Reaching our stretch target would mean we are able to invest in more archive footage, better graphics and most importantly, interviewing more contributors on camera so we can preserve as much testimony of this tragic event as possible.
It would also mean we are able to invest in marketing so as many people as possible can learn about this important piece of history.
The Hyde Park Bombing
Just after 10.30am on 20th July 1982, the IRA bombed the Queen's Life Guard. This act of terrorism took place in Hyde Park, London, but it shocked the world. The mounted guard of 15 Household Cavalrymen and their horses was on its way to change the guard near Buckingham Palace when a remote controlled device was initiated, blasting nails and shrapnel into them. Four men and seven horses were killed, and many more injured. Remarkably, some of the soldiers who survived the attack were back on duty just three days later and horses with catastrophic injuries lived to old age. The day when the Queen’s own guard was attacked in broad daylight, a stone’s throw from her home in the British capital, remains a day that is indelibly marked on the memory of those alive at the time. For those who were there, it lives with them every day. But their story has never been told. Forty years on, what impact did this horrific event have on their lives, on their regiment and on wider British society?
Simon Utley, Survivor
To commemorate the 40th anniversary of the bombing, Mauricio Gris, an award winning film director and former Household Cavalryman is capturing the voices of the men who were there and turning them into a documentary film. This film will explore the impact of that day on the soldiers who were there, capturing for the first time culturally important first hand accounts, and preserving them for future generations. Mauricio, an acclaimed conflict documentary filmmaker, will explore the impact of trauma in a generation that was taught to “keep calm and carry on," and a regiment who lost more men on this dark day in London than in the Falklands War that they now had men returning from.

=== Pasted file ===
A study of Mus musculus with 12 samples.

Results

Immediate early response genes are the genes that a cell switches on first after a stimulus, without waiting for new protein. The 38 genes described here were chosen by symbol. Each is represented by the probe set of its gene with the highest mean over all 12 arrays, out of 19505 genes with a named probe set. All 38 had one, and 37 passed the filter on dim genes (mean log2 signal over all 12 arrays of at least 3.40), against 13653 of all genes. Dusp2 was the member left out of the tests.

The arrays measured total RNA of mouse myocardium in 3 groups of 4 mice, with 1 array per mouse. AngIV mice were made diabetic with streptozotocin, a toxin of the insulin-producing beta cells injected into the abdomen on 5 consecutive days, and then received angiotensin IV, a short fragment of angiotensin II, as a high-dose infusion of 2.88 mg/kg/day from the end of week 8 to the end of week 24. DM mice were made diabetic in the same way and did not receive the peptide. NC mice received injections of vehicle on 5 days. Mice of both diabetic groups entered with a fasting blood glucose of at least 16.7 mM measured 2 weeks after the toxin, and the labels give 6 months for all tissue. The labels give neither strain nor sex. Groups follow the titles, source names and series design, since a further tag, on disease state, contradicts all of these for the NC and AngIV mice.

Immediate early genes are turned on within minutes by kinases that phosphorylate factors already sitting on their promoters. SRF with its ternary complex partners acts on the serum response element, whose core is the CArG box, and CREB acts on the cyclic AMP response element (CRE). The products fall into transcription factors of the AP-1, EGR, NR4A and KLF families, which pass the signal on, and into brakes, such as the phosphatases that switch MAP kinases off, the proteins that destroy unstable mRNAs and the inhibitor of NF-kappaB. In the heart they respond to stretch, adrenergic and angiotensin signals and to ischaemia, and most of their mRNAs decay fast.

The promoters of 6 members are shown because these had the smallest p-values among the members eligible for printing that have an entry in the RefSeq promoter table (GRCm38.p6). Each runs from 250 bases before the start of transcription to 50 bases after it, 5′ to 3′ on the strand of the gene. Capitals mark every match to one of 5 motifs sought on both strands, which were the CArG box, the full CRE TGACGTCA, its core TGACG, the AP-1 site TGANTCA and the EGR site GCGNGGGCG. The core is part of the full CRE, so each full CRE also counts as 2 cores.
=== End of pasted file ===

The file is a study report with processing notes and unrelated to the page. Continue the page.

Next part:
Director Mauricio Gris on location with Andrew Parker Bowles
Thread Films are bringing this story to the screen for the first time. But we need your help. While our small team are passionately working to interview veterans and edit the film, we need funding to purchase archive footage from the time and bring in other filmmaking specialists. This doesn't come cheap and without it we can't place our unique veteran accounts in the context they deserve; capturing the whole story for posterity, reflection and learning.
Once complete, the film will be shown at the National Army Museum and Household Cavalry Museum, and we are also aiming for it to be picked up for wider broadcast. But this will only be possible with your generosity today. Become part of the story by enshrining this moment of British history in film and preserving it for future generations.